Matariki: Te Tau Hou Māori | SYLVIA PARK


09 June 2022

Legend of Matariki

In the beginning, Ranginui (Sky Father) and Papatūānuku (Earth Mother) were joined together, and their children were born between them in darkness. Frustrated with the endless darkness, the children decided to separate their parents to allow light to come into the world. All children were content except for Tāwhirimātea (God of Winds) who wished for his parents to be reunited. In defiance, Tāwhirimātea, tore his out his eyes and hurled them into the heavens, creating Matariki which literally means ‘eyes of god’ or ‘little eyes’.

What is Matariki?

The star cluster Matariki appears in our night sky during June – July signifying the close of the old lunar year and marks the beginning of the Māori New Year.

We look to the stars to guide us and ground us here on earth. This artwork series is a warmer reminder that during Matariki, a new day dawns where we should enter a state of appreciation, come together with friends, whānau and communities, to celebrate those who are no longer with us and renew our energies for another year full of life.

Celebrating Matariki

Traditionally, Tohunga (experts) used the Matariki star cluster to determine how plentiful the upcoming year’s harvest would be. Bright and clear stars indicated a warm and successful season whilst hazy stars foresaw cold weather and poor crops. Festivities were held following the harvesting of crops when the pātaka (food store houses) were full.

Today around New Zealand, people celebrate this time by coming together to remember and honour those who have passed, share food, sing, tell stories, play music and celebrate new life.



The Stars


Matariki tāpuapua. Matariki nāna i ao ake te kai ki runga. Matariki hunga nui. Matariki ahunga nui. Te ope o te rua Matariki. Ka rewa a Matariki, ka maoka te hinu. Ka rewa a Matariki ka rere te kanakana.

Matariki is the star that signifies reflection, hope, our connection to the environment, and the gathering of people. Matariki is also connected to the health and well-being of people.




Puanga is the star Rigel in Orion. Most of the tribes of the Maori people in Aotearoa observed Puanga to mark the beginning of the Maori New Year.

In Maori mythology, he was believed to be the older brother of Matariki.

Puanga is known to bring about the autumn rains and cause flooding throughout the country to replenish the land and leave much-needed nutrients to fertilize the earth. He is believed to descend from thunder and lightning, which is logical as rain is sometimes accompanied by the elements of lightning and thunder.

The Puanga year can be traced back to India to ancient astronomers of the Hindu faith where a schism occurred between two distinct rival schools of philosophy creating the Puanga and Matariki traditions for the last six thousand years.



Waitī ki runga, Waitī ki raro, e rere nei ō wai hei manapou mō te whenua, hei oranga mō te tāngata, hei kete kai mā te iwi. Kōriporipo tonu nei te ia o te awa, māreparepa ana ngā roto, kōrengarenga te puna a Tāne-te-waiora, he koira!

Waitī above, Waitī below, flowing are your waters as sustenance for the land, as vitality for mankind, as a food basket for the people. The current of the river swirls and eddies, the lakes ripple, and the source of Tāne-te-waiora overflows, ‘tis life!

Waitī is associated with all freshwater bodies and the food sources that are sustained by those waters.




Tērā te marae nui a Kiwa te kānapanapa nei i raro i a koe Waitā. Hīia mai rā ki runga te tini a Ikatere, rukuhia ki tai, kohia ki tātahi hei kai mā te tini o uta. Ka hiki mata te tapuwae a Tangaroa! Koia au nui, koia au roa, koia moana tuarangaranga koia moana i āio.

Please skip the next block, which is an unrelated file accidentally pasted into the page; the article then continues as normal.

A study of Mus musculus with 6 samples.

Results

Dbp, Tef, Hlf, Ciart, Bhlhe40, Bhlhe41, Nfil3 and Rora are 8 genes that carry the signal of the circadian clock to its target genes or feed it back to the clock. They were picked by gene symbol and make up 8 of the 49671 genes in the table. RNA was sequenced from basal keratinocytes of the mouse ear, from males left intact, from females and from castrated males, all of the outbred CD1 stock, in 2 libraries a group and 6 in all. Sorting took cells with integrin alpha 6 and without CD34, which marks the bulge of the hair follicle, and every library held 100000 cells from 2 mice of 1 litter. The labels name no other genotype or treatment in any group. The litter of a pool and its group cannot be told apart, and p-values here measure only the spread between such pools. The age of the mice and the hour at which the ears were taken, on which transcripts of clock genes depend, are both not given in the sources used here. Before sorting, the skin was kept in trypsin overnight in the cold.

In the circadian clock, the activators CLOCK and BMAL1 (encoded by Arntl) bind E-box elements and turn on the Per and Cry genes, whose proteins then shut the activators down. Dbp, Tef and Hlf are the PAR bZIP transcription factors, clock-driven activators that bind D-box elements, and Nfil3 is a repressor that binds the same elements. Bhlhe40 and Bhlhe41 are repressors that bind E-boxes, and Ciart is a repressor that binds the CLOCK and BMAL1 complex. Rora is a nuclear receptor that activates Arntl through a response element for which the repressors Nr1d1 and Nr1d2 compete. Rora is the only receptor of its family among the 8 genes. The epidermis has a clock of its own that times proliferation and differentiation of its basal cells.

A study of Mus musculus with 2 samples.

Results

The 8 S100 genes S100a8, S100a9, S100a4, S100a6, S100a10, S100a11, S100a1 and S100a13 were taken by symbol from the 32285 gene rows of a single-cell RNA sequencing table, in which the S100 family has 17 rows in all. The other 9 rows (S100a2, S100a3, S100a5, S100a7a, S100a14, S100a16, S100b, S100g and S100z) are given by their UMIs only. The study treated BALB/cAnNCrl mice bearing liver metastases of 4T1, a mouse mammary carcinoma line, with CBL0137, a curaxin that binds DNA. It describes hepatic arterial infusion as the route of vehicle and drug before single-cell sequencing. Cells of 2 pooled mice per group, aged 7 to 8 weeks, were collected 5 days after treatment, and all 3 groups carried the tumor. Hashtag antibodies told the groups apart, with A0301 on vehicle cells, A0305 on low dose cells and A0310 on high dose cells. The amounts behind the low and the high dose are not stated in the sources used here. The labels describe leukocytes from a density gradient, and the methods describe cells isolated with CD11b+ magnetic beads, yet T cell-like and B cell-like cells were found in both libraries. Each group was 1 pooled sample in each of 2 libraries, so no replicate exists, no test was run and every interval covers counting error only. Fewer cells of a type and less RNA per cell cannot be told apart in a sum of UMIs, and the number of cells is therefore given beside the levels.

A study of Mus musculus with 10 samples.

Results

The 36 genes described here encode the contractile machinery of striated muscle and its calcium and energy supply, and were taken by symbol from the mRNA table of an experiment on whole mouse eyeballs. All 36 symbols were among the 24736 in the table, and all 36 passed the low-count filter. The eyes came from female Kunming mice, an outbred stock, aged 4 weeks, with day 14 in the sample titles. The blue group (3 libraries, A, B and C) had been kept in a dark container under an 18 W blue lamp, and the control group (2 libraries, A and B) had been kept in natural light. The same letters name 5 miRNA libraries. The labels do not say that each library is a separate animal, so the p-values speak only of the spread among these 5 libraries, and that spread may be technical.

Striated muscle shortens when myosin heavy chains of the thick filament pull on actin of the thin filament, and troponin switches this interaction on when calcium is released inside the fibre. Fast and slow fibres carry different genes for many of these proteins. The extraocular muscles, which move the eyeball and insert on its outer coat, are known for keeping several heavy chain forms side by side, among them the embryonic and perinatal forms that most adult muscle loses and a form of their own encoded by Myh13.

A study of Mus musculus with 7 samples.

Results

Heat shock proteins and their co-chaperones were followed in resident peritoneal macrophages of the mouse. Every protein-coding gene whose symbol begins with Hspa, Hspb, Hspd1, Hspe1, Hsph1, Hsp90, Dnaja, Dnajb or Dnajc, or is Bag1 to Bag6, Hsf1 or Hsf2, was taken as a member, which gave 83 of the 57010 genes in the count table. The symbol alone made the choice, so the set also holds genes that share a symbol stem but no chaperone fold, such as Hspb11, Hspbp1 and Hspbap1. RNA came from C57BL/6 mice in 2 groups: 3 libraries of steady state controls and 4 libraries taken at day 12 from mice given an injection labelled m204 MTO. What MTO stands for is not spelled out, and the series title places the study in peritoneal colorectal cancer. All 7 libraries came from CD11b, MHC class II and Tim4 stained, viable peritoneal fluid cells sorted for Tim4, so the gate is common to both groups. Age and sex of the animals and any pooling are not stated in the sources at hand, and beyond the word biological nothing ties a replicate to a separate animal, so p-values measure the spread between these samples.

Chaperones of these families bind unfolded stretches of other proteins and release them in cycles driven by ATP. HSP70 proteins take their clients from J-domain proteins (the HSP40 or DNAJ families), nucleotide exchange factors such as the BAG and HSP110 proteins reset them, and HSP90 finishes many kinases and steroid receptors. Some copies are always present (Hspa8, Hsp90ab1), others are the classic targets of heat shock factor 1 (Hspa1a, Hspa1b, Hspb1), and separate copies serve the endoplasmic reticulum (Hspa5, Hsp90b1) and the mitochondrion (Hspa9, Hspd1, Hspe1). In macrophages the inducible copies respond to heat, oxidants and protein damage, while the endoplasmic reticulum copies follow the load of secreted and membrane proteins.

Behold the great expanse of Kiwa that gleams green and blue beneath you Waitā. Draw up the many of Ikatere, dive out to sea, and collect from the seaside as food for the multitude ashore. The charm of

Tangaroa has begun! ‘Tis the great current, the long current, the boisterous ocean, the calm ocean.

Waitā is associated with the ocean and food sources within it.


Tupuānuku ka pihi nuku, ka pihi rangi, kia makuru haere ake nei. Kia haumako roa hoki te puke ki a Rongo, i āhua mai i tawhiti. Ngā hua o Nukutū ka aohia nuitia, arā rā ngakingaki, ara rā tinaku. Hauhaketia rā te tau, he tau humi e.

Tupuānuku shoot up, and grow down, to be plentiful. May the mound dedicated to Rongo be forever fertile, that which was formed from afar. The bounty of Nukutū is scooped up in great numbers, till the soil, cultivate, harvest the year of copious abundance.
Tupuānuku is the star associated with everything that grows within the soil to be harvested or gathered for food.




Ngaruru te waokū, matomato te waokū, māpuapua te puhikaioreore e tau ai ngā tamariki a Tāne, tērā koia te pua nui. Tupuārangi māu e mōmona ai te nahenah; ka mōmona ngā manu, ka mōmona ngā hua, ka puta ka ora!

Thriving is the forest, lush is the forest, bountiful is the crown of the forest upon which the children of Tāne settle, there indeed is the great fowling tree. Tupuārangi you shall make the forest plentiful; the birds are rich with fat, the berries are fertile, sustenance!

Tupuārangi is associated with everything that grows up in the trees: fruits, berries, and birds.



Tērā a Pōhutukawa ka mōiri ki runga he pae whakamahara mō aku tau kahurangi kua ngaro. Pīratarata mai rā koutou hei whetū i te pō, kōrekoreko mai rā hoki koutou i te rokiroki o ngā mahara mō ake tonu atu e.

There yonder is Pōhutukawa suspended above, a constant reminder for my treasured ones that have gone. May you shine as stars in the night, and sparkle within the repository of memories forever more.
Pōhutukawa is the star associated with those that have passed on.

Korero provided by Paraone Gloyne and Dr. Rangi Mataamua and taken from Te Iwa o Matariki.